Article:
Glaciers are spectacular phenomenons of nature. The physics they are based on is surprising, while the geological role they have is essential. In this article, we discuss these facts, as well as their retreats and their dangers.
Maia Krall Fry, a student at the University of St Andrews, brings a touch of poetry to geology in her 60 second film. "I wanted to bring some of the key ideas about geology into one minute," says Maia.
An international team of scientists from the Integrated Ocean Drilling Program (IODP) is set to embark on a $1 billion (£617 billion) expedition to drill into the mantle layer, and make history by collecting the first ever mantle samples...
Planetary scientists at the European Space Agency have released 3D images of the "striking upper part of the Reull Vallis region of Mars," which reveal a 932-mile-long (1500 kilometer) river running from the Promethei Terra Highlands to the vast...
Nesting site yields earliest known organic remains of a terrestrial vertebrate.
Palaeontologists working in China have unearthed the earliest collection of fossilized dinosaur embryos to date. The trove includes remains from many individuals at different developmental stages, providing a unique opportunity to investigate the embryonic development of a prehistoric species.
Robert Reisz, a palaeontologist at the University of Toronto in Mississauga, Canada, and his colleagues discovered the sauropodomorph fossils in a bone bed in Lufeng County that dates to the Early Jurassic period, 197 million to 190 million years ago. The site contained eggshells and more than 200 disarticulated bones — the oldest known traces of budding dinosaurs, the researchers report in Nature.
“Most of our record of dinosaur embryos is concentrated in the Late Cretaceous period,” says David Evans, curator of vertebrate palaeontology at the Royal Ontario Museum in Toronto. “This [study] takes a detailed record of dinosaur embryology and pushes it back over 100 million years.”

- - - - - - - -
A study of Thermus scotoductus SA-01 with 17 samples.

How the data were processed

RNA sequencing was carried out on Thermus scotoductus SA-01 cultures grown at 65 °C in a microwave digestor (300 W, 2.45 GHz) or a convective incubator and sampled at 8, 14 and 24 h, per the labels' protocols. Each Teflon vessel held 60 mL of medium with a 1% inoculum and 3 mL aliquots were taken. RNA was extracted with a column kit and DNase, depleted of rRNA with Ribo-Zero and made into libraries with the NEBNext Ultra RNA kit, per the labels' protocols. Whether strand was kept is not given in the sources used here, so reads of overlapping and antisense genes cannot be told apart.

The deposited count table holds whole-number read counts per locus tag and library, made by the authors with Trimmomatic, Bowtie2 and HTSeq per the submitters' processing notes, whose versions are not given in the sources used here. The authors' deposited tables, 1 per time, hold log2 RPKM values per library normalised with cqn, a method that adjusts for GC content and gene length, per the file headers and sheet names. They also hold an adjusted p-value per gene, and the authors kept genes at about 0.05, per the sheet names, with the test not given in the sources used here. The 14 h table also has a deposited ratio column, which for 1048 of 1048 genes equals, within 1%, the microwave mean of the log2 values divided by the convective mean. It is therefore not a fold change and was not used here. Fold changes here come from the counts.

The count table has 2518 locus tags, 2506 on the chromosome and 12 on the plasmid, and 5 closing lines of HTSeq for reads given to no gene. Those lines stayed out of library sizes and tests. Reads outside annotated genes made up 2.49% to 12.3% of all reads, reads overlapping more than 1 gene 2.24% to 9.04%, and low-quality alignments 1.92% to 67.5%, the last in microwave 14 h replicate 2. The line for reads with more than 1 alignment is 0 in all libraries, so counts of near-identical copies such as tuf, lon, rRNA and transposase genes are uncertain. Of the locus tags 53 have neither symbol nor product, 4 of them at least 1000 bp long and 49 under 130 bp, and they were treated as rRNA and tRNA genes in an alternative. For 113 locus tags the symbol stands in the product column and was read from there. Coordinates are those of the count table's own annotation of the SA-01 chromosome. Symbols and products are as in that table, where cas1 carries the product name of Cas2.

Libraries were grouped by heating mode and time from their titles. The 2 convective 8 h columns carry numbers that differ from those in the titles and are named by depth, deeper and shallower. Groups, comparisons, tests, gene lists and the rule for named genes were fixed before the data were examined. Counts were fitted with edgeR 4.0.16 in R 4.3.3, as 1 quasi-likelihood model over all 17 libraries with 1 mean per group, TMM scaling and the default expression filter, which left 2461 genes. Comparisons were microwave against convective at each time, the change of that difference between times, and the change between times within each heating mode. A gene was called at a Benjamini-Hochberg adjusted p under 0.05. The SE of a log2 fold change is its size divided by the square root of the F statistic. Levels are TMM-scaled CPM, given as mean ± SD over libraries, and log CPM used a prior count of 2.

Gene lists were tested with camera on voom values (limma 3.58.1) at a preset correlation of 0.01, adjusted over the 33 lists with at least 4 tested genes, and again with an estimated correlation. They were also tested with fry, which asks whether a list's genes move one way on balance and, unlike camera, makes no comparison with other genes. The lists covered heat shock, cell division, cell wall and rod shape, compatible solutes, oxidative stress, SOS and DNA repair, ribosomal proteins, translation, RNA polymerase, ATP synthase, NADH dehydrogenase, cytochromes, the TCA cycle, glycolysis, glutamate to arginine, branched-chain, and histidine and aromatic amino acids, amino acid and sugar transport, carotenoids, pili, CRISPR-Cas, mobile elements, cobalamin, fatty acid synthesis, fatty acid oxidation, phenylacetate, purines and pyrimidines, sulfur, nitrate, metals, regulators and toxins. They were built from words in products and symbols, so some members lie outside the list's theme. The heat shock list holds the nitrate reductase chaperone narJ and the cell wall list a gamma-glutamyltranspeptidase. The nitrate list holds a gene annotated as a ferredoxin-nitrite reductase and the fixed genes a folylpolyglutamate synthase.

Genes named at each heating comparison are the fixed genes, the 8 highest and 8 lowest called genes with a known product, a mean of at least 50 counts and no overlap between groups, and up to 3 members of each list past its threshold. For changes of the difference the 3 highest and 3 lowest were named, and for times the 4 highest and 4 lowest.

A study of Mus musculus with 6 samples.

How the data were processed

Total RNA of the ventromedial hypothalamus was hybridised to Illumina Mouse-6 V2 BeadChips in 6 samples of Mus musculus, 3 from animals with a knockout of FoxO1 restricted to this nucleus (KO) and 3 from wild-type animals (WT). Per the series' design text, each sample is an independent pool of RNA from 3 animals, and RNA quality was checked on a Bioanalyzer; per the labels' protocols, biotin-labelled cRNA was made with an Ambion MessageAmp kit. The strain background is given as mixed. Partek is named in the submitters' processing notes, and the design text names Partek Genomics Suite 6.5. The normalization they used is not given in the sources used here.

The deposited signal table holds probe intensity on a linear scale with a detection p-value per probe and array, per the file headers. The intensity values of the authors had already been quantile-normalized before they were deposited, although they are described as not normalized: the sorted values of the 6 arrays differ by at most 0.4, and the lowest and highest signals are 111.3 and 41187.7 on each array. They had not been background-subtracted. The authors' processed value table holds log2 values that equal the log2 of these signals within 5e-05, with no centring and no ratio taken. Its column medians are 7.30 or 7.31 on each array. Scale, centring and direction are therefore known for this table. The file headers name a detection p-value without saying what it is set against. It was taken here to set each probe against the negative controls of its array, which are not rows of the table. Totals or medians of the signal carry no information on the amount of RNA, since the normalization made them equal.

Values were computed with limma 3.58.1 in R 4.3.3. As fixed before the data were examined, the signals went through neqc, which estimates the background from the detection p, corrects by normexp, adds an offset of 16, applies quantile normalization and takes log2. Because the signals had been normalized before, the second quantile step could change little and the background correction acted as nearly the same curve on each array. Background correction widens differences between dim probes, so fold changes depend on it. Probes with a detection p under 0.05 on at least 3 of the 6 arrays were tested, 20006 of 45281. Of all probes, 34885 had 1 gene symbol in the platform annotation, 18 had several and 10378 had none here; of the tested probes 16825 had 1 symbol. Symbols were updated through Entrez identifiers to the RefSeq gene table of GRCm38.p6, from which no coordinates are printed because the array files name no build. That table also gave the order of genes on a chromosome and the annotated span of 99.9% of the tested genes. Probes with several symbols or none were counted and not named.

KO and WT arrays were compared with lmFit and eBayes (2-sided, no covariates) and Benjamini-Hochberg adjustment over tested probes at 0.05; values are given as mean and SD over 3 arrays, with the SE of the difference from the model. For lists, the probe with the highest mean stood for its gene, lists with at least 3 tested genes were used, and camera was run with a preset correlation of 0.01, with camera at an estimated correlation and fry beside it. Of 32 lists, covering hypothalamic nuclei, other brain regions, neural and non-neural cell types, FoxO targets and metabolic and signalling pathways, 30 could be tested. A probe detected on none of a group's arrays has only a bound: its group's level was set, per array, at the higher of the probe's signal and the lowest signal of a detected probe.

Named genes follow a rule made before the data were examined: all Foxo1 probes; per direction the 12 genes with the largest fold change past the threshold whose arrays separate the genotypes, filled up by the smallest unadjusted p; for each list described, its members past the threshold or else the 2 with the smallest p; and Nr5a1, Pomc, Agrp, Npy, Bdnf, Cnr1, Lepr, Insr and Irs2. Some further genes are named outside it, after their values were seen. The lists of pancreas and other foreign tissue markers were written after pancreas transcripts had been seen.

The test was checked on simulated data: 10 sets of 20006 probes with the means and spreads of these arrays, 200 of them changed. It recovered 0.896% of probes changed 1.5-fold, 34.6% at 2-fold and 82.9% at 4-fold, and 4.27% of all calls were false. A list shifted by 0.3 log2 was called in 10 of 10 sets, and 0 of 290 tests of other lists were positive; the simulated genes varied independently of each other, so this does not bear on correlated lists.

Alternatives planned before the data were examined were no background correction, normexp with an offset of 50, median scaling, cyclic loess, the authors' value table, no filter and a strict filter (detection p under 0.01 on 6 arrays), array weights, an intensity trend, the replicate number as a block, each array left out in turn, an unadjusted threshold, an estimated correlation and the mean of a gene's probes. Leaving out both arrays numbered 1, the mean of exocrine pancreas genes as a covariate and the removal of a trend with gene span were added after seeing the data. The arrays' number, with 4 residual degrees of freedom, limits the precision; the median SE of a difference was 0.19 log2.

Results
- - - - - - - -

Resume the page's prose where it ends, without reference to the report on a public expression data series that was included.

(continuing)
But it is not just the age of the fossils that is notable, the researchers say. Spectroscopic analysis of bone-tissue samples from the Chinese nesting site revealed the oldest organic material ever seen in a terrestrial vertebrate. That was surprising because the fossilized femur bones were delicate and porous, which made them vulnerable to the corrosive effects of weathering and groundwater, says Reisz.
“That suggests to us that other dinosaur fossils might have organic remains,” he says. “We just haven’t looked at them in the right ways.”
Reisz thinks that the complex proteins his team detected in that organic material are preserved collagen. Because collagen composition varies across species, further analyses could help researchers to compare the sauropodomorph fossils with those of other creatures. They include the mighty sauropods, close relatives — and perhaps descendants — of early sauropodomorphs that weighed in at about 100,000 kilograms each, making them the largest animals ever to roam Earth.
The researchers think that the Lufeng dinosaurs are sauropodomorphs because they are similar in many ways to intact embryonic skeletons of Massospondylus, a sauropodomorph that Reisz unearthed in South Africa in 20052. But their analysis does identify key differences between the two fossil finds. The Lufeng embryos were less developmentally advanced than the Massospondylus embryos, and they seem to be examples of a different genus, Lufengosaurus.
By: Stephanie Pappas, LiveScience Senior Writer Published: 03/19/2013 07:40 AM EDT on LiveScienceA tectonic plate that disappeared under North America millions of years ago still peeks out in central California and Mexico, new research finds.
I have a hard time seeing this as anything other than a paean to humanity’s inability to learn: This was the view out the International Space Station’s cupola on Jan. 1, 2013, around 09:37 UTC, looking nearly straight down the gullet of Italy’s Mt.